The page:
I just watched 60 seconds, of a much longer training video, posted on Facebook, wherein a young happy dog is being crate trained by having the crate door slammed every time he tried to leave the crate. 60 seconds is a good long time for me to stick with a video like that, usually, I turn off quicker but I was not 100% sure of what I was looking at.
The world of dog training is a place of polarising opinions on how dogs should be taught different behaviours. Having been a dog lover and pet parent for many years before I had a professional interest in training and behaviour I 100% get how training advice from different dog trainers, youtube clips, Facebook posts etc can be a minefield for dog owners who just need to stop a problem behaviour or who want to teach their dog some basic skills for living with us in our homes.
Rather than rant and rave here about why trainers should teach this way or that way, or employ certain methods for different situations, I am going to target this blog at you, the pet owner and offer some guidelines on what you should be on the lookout for. These 5 points are relevant to whether you are attending a training class, having a 121 session. looking for help online and reading through a book.
Step up and be your dogs best friend. If any of the techniques that your trainer is using makes you feel uncomfortable, ask them to stop straight away. There is no need in this day and age to be dealing with any dog, no matter their issues, in a rough or aggressive manner.
Do not allow anyone, no matter what their job title, to use or sell you a piece of equipment which is designed to cause your dog pain or discomfort. E Collar, prong collars, choke chains, harnesses that restrict limb movement, harnesses that have tiny straps that dig into your dogs underarm area, aerosols that spray your dog with compressed air or make a loud noise. There has been years and years of research done that show there are more human and easier ways to work through any training/behavioural problem that resorting to hurting or scaring your dog.
Always think, if your dog is doing something you do not like, it is your responsibility to teach them what you would like them to do instead. While dogs do not vocalise the way we do, there is always communication and learning going on. Every place you go with your dog is an opportunity to reward them when they behave well and train alternative behaviours when needed.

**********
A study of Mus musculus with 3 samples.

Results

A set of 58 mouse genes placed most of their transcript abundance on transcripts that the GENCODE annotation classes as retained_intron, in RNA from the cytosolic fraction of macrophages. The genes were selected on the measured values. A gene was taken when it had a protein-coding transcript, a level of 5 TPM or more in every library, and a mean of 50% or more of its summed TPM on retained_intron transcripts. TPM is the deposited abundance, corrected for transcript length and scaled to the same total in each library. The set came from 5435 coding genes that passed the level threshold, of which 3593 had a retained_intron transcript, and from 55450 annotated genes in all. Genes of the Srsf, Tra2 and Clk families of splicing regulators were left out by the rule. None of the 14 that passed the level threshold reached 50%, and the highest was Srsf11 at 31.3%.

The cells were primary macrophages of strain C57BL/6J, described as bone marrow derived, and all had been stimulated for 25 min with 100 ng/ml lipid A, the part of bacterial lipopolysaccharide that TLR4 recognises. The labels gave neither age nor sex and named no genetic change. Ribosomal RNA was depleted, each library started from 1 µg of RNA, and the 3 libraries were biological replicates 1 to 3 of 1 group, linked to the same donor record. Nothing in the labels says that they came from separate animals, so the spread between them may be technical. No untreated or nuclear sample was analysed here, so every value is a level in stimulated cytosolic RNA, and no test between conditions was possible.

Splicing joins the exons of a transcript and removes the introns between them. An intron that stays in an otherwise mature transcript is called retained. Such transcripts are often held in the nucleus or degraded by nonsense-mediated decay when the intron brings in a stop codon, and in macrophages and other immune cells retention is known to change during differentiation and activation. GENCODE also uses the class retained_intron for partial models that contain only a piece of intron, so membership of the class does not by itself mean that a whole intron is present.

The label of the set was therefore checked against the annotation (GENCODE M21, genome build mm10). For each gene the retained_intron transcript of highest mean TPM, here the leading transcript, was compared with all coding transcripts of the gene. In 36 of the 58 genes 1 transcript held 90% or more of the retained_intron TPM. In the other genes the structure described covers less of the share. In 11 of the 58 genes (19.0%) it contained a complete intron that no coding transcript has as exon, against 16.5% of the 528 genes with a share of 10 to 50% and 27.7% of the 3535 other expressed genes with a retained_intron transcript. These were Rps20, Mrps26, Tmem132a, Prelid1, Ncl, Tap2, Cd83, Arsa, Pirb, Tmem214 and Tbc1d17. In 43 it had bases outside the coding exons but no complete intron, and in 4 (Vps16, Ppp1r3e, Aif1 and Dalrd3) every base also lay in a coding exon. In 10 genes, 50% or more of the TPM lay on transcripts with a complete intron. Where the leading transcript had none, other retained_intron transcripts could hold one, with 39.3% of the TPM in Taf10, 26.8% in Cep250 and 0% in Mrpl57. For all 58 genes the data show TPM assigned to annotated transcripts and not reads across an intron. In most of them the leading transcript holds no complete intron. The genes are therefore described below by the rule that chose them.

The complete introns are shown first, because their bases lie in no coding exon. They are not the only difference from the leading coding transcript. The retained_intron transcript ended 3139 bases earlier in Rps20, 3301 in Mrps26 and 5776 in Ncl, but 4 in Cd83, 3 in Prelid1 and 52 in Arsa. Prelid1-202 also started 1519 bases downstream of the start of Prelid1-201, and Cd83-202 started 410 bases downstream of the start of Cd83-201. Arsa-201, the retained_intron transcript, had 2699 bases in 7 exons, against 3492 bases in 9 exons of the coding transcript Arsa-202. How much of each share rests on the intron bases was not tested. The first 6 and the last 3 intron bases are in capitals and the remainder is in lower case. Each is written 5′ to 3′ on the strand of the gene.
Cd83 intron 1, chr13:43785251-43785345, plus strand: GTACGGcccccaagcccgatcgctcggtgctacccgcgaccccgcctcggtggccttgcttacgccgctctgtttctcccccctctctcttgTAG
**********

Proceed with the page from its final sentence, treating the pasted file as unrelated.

Do your research. In relation to dog trainers and behaviourists this is a completely unregulated field. Consider the qualifications, courses and associations that your chosen dog trainer/behaviourist is a member of. Ask friends with well-behaved dogs who worked with them and what methods they used at the time. Question your trainer when you contact them, on what methods they employ and what their experience is with the issues you are having with your pet.
Celebrity means nothing. Just because your chosen trainer has been on TV, has written a book, or has a big following on social media, that does not mean they are the best trainer for you and your dog. Like all industries, at various times there are buzz words, trends and personalities that will come and go. Look for those who are working with consistently with dogs, and their owners and helping them bond and work together.
Regardless if you have a new puppy who you want to begin training with, or an older dogs that is dragging your down the road when on lead, or a fearful dog who needs their confidence built up or a reactive dog that needs behavioural modification, working together with your dog, and a good trainer/behaviourist who is using ethical, welfare friendly techniques will be able to help without hurting, scaring or compromising your relationship with your best friend.
Positive dog training provides 121 training and group classes. If you are looking for a trainer in your area and are not sure where to start, feel free to call us on 01 9013018 and we will find you a good, experienced trainer in your area.